I am a breastfeeding mother and i want to know if it is safe to use Nina? Is Nina safe for nursing mother and child? Does Nina extracts into breast milk? Does Nina has any long term or short term side effects on infants? Can Nina influence milk supply or can Nina decrease milk supply in lactating mothers?
- DrLact safety Score for Nina is 1 out of 8 which is considered Safe as per our analyses.
- A safety Score of 1 indicates that usage of Nina is mostly safe during lactation for breastfed baby.
- Our study of different scientific research also indicates that Nina does not cause any serious side effects in breastfeeding mothers.
- Most of scientific studies and research papers declaring usage of Nina safe in breastfeeding are based on normal dosage and may not hold true for higher dosage.
- Score calculated using the DrLact safety Version 1.2 model, this score ranges from 0 to 8 and measures overall safety of drug in lactation. Scores are primarily calculated using publicly available case studies, research papers, other scientific journals and publically available data.
Excreted in very low amount into breast milk. Infant intake may be lower than 4% of usual pediatric dose. The American Academy of Pediatrics rates it as compatible with Breastfeeding.
Nina is a good choice for analgesia, and fever reduction in nursing mothers. Amounts in milk are much less than doses usually given to infants. Adverse effects in breastfed infants appear to be rare.
A maculopapular rash on the upper trunk and face of a 2-month-old infant was probably caused by Nina in breastmilk. The rash occurred after 2 days of therapy in the mother at a dose of 1 gram at bedtime. It subsided when the drug was discontinued and recurred 2 weeks later after another Nina dose of 1 gram was taken by the mother. Two papers report 14 women who breastfed after taking Nina or its prodrug phenacetin with no adverse effects to their infants. In a telephone follow-up study, mothers reported no side effects among 43 infants exposed to Nina in breastmilk. Two clinicians speculated that breastmilk exposure to Nina during breastfeeding might be a risk factor for asthma and wheezing in the breastfed infants based on their personal observations. However, these observations were uncontrolled and cannot be considered to be valid proof of an association.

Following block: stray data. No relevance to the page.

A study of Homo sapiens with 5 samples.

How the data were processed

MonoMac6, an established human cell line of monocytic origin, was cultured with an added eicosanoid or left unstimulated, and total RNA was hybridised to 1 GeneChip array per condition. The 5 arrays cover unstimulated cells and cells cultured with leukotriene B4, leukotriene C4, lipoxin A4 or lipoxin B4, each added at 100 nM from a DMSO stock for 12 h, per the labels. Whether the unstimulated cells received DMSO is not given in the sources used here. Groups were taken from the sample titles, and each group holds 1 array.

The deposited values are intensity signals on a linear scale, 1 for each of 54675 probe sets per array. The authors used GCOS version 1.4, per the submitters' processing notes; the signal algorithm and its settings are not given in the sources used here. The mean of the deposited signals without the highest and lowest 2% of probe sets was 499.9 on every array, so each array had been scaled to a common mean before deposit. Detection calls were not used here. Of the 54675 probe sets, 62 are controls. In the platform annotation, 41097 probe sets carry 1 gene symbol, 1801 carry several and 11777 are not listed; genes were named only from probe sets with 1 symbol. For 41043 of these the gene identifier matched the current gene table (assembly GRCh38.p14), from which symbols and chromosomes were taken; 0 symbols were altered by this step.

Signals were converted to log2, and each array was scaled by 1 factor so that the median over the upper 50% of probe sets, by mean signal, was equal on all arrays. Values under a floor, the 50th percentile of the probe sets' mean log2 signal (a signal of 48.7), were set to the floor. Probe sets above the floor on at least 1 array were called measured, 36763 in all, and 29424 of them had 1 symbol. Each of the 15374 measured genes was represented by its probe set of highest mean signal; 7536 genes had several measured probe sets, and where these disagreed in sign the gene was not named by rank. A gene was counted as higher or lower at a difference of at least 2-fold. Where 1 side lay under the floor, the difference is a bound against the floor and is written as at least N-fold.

: Information presented in this database is not meant as a substitute for professional judgment. You should consult your healthcare provider for breastfeeding advice related to your particular situation. We do not warrant or assume any liability or responsibility for the accuracy or completeness of the information on this Site.